Former England batsman Kevin Pietersen says that spot-fixers should never be given a second chance.
In his column in the Daily Telegraph, Pietersen, England’s highest run-scorer across all the formats, is firm in his stance that spot-fixers, match-fixers and drug-takers should be removed from sport for life.
With Pakistan beginning their Test series on Thursday for the first time in England since the infamous spot-fixing allegations involving Mohammad Amir, Salman Butt and Mohammad Asif at Lord’s in 2010, Pietersen opened up old wounds by saying, in other words, that Amir should not be involved.
‘They have broken the rules, should pay the price and not be given a second chance,’ he wrote. ‘If you cheat the system, either by taking drugs or money to under-perform, then you are mugging the spectators, your team-mates and a sport that has been around a lot longer than you.
‘People always deserve a second chance in life but sport is different. We are paid to play a sport we love and are damn lucky to lead the life of a professional cricketer. To try to gain an advantage by taking drugs or devaluing your sport by being bribed is breaking the 11th and 12th commandments. There can be no way back.’
Amir was just 18 when the incident occurred, and will be playing his first Test since, six years later. Butt was the captain at the time and Asif was 27 – older and with far more experience and influence. Despite this, Pietersen believes Amir would have been equipped to have avoided the scandal.
‘In cricket the education players receive is so thorough. It is drilled into you. I know that for an hour before every T20 tournament I play in that I will be given an anti-corruption lecture. I have sat through so many that I could probably give my own lecture, so ignorance of the rules is no defence.’
England won that match at Lord’s by an innings and won the series 3-1, and Amir was in fact named Man of the Series. The whole contest, however, was overshadowed.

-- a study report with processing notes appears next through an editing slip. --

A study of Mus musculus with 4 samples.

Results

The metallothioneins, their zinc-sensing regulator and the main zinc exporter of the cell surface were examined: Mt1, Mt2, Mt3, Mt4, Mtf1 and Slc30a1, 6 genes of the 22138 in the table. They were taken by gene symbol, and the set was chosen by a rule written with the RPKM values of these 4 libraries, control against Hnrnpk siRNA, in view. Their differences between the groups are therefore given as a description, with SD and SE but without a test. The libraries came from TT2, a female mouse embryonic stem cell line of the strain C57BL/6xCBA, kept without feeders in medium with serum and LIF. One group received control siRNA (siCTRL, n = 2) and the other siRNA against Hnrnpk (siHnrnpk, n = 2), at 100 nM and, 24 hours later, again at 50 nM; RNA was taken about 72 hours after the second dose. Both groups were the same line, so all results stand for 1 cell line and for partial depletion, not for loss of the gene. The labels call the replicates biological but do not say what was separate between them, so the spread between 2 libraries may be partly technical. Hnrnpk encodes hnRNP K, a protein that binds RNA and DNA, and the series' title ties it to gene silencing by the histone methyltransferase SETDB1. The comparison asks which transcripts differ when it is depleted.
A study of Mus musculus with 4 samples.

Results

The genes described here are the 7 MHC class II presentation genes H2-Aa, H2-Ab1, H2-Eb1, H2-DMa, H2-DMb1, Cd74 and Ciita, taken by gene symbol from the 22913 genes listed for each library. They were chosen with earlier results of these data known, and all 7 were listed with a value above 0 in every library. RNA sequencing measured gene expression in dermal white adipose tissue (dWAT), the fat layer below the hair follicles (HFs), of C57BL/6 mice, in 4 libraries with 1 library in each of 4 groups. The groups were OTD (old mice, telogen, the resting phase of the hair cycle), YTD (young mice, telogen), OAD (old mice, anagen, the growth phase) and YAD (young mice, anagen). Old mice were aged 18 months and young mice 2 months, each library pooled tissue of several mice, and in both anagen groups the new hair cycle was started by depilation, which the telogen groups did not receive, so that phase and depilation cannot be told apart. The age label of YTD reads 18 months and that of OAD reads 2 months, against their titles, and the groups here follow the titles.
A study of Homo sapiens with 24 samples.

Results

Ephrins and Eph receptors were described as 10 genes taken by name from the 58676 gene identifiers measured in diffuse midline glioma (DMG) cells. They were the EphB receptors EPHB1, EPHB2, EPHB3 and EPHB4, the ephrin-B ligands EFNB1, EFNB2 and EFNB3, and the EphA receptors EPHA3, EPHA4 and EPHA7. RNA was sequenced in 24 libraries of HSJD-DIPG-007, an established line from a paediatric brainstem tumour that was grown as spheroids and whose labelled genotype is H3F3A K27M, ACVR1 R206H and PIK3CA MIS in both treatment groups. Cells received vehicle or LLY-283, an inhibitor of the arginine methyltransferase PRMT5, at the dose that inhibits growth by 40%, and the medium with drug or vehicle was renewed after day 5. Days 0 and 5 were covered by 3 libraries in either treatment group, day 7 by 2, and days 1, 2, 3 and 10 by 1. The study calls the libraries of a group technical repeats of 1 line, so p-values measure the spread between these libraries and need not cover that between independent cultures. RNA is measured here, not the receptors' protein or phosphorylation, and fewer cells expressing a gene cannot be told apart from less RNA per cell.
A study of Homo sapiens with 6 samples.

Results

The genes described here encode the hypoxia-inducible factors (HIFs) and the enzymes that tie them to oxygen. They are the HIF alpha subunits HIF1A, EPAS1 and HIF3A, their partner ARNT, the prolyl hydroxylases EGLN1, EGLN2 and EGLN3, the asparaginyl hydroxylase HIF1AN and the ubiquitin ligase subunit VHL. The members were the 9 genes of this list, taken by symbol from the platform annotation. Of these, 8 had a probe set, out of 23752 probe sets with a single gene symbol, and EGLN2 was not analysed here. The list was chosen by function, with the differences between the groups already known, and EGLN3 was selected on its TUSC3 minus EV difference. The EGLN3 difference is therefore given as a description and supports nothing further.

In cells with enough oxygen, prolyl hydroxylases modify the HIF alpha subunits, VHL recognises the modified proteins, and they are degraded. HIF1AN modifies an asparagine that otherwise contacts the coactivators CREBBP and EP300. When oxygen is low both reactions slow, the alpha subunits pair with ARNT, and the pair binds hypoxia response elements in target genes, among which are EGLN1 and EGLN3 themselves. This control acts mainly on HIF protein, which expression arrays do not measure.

‘That day we learned about the spot fix at Lord’s in 2010, when it emerged that Amir and Mohammad Asif had deliberately bowled no balls in exchange for money and in collusion with their captain Salman Butt, was horrible. The story broke on the Saturday night and we all felt sick on the final day of the game.
‘The guys did not shake hands at the end of the Test. We felt empty when we took the wickets to win the match and did not celebrate. I remember taking a catch at mid on and I just threw the ball back to Graeme Swann who was bowling. It was just an awful morning. The relationship between the two teams was fractured because we all knew the damage it would do to cricket.
‘That can be summed up by the fact we are still talking about it six years later. It was hard to be in the dressing room.
‘The result is cynicism. If anyone bowls a massive no ball or a wide first ball of a spell then people start to wonder, which is wrong because people just make mistakes on a cricket field.’
He expects a hostile reception for Amir, but he also expects a similarly hostile performance with the ball from the left-armer.
‘Pakistan will want to come here and make a statement given the last tour was such a disaster. They are a proud nation. They love their cricket and the sport is watched by millions in Pakistan. I know the Pakistan players want to put on a great show for their fans at home.
‘Amir is just as quick, and as competitive as ever. He is in your face and it is very hard to get on top of him.’